Finally, digital movie sanity

If you read back through a few years of posts here – mind you, I can’t recommend actually reading the last ten years of posts, but let’s assume that you are very very bored – you will see the chronicles of a guy who really wanted to move all of his movies off of discs and into digital form so they could be stored on a server and accessed without needing to get up off the couch and look for discs.

Also, I had several bookshelves full of DVDs and there is something really pathetic about a living room that looks like a video store.

Most movies these days come with a digital copy code.  That wasn’t always the case, and I know far too much about DVD ripping and encoding as a result.  Not all movies come with a code I can use in iTunes, however, and this is annoying because a) I have a pretty substantial investment in Apple-branded gadgets and b) UltraViolet, the “not-iTunes” alternative is… well, it’s always struck me as something designed by committee, with far too many compromises.  iTunes codes let me download a local file, and I like having local files.

About 3 years ago, Disney came up with a neat idea – “Disney Movies Anywhere” – which let you redeem your digital copy codes in one central location and gave you access to your movies on your provider-of-choice.  It also tied into Disney’s rewards program, and over the years I have gotten a few free blu-rays out of the whole deal.

Oh, and if you BOUGHT a Disney movie on your digital provider-of-choice, that movie would sync back to Disney Movies Anywhere and then to your other sites.  So, even though I pretty much only use iTunes, I was able to snag a couple cheap movies off Google Play and have them sync over to iTunes.

As of last week, however, the “Disney Movies Anywhere” program has been rebranded to “Movies Anywhere” and now has most of the major studios on-board.  Paramount, Lionsgate and MGM are the significant holdouts, but having Warner, Sony, Universal, and Fox means that we are very close to a buy-once-play-anywhere future.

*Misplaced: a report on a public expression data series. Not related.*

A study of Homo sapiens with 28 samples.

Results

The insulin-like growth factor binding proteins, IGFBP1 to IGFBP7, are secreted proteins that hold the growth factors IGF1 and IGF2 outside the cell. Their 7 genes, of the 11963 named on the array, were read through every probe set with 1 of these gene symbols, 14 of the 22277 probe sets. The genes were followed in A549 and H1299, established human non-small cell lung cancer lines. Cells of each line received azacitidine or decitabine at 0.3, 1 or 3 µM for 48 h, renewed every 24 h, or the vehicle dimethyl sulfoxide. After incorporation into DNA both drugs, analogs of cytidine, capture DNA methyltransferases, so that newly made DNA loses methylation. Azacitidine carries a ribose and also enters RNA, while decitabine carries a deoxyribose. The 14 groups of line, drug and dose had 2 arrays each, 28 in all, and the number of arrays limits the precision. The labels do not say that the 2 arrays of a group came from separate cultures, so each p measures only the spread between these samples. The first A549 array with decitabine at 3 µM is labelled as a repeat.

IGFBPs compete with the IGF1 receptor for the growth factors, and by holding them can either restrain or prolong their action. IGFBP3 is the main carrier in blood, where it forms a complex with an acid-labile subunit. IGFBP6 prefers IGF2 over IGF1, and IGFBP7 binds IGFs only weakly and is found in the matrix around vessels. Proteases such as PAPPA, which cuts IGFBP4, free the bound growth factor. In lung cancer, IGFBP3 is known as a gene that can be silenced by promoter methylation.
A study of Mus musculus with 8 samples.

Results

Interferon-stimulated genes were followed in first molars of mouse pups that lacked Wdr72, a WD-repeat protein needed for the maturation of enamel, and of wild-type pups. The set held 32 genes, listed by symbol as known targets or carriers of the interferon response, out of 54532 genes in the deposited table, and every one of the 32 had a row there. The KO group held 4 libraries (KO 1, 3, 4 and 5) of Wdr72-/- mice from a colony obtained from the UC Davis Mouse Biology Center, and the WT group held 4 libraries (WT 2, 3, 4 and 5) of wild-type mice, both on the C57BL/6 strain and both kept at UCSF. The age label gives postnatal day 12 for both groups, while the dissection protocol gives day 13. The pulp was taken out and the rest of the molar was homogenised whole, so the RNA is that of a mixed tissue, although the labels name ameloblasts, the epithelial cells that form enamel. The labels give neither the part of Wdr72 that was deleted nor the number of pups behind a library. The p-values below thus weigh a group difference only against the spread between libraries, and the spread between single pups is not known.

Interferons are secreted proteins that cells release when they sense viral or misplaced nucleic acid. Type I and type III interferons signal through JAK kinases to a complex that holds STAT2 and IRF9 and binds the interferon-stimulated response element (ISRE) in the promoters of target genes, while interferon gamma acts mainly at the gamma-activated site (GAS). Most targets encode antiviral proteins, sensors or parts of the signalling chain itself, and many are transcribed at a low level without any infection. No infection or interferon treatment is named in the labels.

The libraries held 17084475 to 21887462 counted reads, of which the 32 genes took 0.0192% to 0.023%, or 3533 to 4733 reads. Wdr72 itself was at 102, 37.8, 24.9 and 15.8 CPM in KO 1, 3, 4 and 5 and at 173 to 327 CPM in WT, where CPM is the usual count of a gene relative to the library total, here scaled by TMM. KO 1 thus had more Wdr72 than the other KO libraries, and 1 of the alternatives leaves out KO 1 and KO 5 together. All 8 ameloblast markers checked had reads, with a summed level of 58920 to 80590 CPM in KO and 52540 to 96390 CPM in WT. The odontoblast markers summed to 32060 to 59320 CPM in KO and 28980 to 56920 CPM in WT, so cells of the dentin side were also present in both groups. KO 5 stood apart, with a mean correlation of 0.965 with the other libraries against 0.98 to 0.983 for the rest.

Two more things that are particularly good for me from this:

One, Vudu is a supported retailer for Movies Anywhere.  This doesn’t mean a lot by itself – though I suppose I can start looking at Vudu sales – but it means that I can take advantage of their “Disc 2 Digital” program, where I stick a disc into my computer, their software scans it, and then I can get a digital copy for $2… or, if I have a DVD and want an HD version, that will set me back five bucks.

I didn’t upgrade most of our DVDs to blu-ray because paying 20 or 30 bucks per disc was nuts.  I still won’t upgrade most of them to high def, but at only $5 per I am upgrading some of them.

Second, not being a fan of UltraViolet, I never redeemed any UV codes.  They have expiration dates printed on them, so I didn’t think they’d actually work…

…but apparently the expiration dates are more like guidelines.

The bottom two codes are actually from Warner’s digital copy program, pre-Ultraviolet, and I have a vague memory of trying to redeem them some years ago and being told that they were past their sell-by date, as it were.   It seems that they got a second life.

Oh, and third: Many of the older digital copies I had were SD copies.  A side effect of linking iTunes into MA is that those movies got free upgrades to HD.  I like free upgrades.

So, big thumbs-up from this geek.  Now they just need to get those last few studios into the program.